Milk and meat from cloned animals could be in the U.S. food supply, and the Food and Drug Administration and U.S. Department of Agriculture can’t detect it, says an FDA official, despite a USDA “voluntary moratorium.”

Christopher Doering of Reuters reported Tuesday that the “FDA and USDA have said it is impossible to differentiate between cloned animals, their offspring and conventionally bred animals, making it difficult to know if offspring are in the food supply.”

Cloned cows

AP/Jason Turner

Offspring of cloned dairy cows.

In January, the FDA released a report giving two thumbs up on products from cloned cows, pigs and goats (the FDA didn’t make a recommendation on sheep because there wasn’t enough information), stating in a 968-page “final risk assessment” that food from cloned versions of these animals doesn’t pose any harmful health risks. The milk and meat from cattle was deemed safe, as well as meat from pigs and goats. The day after the FDA report was released, the USDA requested that U.S. farmers not sell food products from cloned animals, citing a need to first harmonize rules with trading partners and to build acceptance.

Consumers in many countries, including in the United States, have said they oppose food from clones or their offspring because of health and safety issues and because of concerns for the health of the clones themselves. Ethical issues are also being considered by the European Food Safety Authority, which is funded by the European Union to provide risk assessments on food. It’s their opinion that “considering the current level of suffering and health problems of surrogate dams and animal clones, the EGE has doubts as to whether cloning animals for food supply is ethically justified.”

Center for American Progress Senior Fellow Rick Weiss, who was then a staff writer at the The Washington Post, reported in January the FDA doesn’t require food companies to label products containing cloned livestock. But the agency may allow other companies to label products that do not contain cloned meat or milk.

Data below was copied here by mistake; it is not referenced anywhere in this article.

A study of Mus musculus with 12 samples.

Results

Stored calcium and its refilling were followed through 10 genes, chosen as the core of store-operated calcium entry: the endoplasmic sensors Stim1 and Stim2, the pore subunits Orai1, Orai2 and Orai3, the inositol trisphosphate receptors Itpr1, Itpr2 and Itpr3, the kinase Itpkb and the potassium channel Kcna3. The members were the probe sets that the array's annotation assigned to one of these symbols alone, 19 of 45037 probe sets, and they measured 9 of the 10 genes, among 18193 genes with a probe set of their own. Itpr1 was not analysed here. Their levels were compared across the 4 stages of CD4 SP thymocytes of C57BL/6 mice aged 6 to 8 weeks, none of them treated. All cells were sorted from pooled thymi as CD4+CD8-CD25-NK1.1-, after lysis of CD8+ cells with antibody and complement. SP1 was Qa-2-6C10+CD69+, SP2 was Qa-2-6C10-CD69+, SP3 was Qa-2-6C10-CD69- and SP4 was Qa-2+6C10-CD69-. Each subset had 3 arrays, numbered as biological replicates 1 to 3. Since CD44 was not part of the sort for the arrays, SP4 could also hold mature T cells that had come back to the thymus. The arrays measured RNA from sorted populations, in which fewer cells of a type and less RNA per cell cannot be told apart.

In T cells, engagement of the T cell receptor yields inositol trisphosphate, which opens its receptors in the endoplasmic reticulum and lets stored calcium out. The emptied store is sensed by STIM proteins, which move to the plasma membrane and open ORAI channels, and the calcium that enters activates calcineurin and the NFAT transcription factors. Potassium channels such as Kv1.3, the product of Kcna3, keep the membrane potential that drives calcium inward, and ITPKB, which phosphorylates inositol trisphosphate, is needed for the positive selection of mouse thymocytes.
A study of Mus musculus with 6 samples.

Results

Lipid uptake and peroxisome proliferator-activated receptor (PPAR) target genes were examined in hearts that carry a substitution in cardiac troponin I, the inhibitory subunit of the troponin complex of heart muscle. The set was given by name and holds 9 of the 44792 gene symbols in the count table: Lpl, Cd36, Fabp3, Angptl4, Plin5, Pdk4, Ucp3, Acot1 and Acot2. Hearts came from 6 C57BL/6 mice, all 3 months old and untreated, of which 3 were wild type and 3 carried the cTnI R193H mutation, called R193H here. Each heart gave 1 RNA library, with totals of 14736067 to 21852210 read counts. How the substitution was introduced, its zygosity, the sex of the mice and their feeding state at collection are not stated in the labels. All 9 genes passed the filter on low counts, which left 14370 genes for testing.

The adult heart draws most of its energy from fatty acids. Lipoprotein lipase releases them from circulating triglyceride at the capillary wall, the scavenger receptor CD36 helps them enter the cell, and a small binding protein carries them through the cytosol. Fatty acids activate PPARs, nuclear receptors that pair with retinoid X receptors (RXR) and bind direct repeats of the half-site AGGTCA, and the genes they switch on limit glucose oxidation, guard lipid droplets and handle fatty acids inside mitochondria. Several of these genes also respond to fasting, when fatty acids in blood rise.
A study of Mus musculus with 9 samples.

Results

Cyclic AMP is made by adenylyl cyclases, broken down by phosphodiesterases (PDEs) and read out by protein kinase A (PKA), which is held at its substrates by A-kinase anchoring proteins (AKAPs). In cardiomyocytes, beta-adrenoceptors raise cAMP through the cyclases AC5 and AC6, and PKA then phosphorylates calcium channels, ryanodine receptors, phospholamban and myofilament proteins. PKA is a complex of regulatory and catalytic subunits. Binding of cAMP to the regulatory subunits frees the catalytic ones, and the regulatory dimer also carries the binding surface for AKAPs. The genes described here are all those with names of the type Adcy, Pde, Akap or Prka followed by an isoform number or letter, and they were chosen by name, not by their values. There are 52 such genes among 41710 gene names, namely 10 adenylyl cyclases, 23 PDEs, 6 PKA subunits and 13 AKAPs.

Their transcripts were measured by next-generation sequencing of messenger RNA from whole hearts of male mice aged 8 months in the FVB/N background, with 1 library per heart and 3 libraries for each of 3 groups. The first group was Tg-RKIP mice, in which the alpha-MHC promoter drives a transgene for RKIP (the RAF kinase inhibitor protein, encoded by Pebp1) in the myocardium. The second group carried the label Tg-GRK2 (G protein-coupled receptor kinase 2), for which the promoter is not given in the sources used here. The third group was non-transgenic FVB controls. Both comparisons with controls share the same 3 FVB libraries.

In May, Nancy Scola reported in Science Progress on the disarray of the federal food safety system. With several recent food recalls and government agencies constantly placing blame on one another, Scola wrote that the food safety system is so complicated it “verges on the absurd.”

“When we had the spinach episode, everyone acted like it was a great surprise,” former FDA Commissioner Lester Crawford, a Bush-appointee and long-time federal food safety official, told Scola, “But the likelihood of something bad happening [with the food supply] is always quite high.”

The number of cloned animals in the country is low—only around 600, with cattle being the majority—but offspring are unaccounted for, and the size of the second generation is unknowable, especially since a single male clone can sire countless offspring through mail-order semen sales. Indeed, clones are too expensive to slaughter for the meat market, so for most farmers the business plan is to use them to breed high-quality offspring. Alex Seitz-Wald of NewsHour Extra says one breeder in Kansas has been selling his cloned cattle’s sperm for years. According to Seitz-Ward, cattle experts believe that food products from the offspring of clones already exist in the American food supply.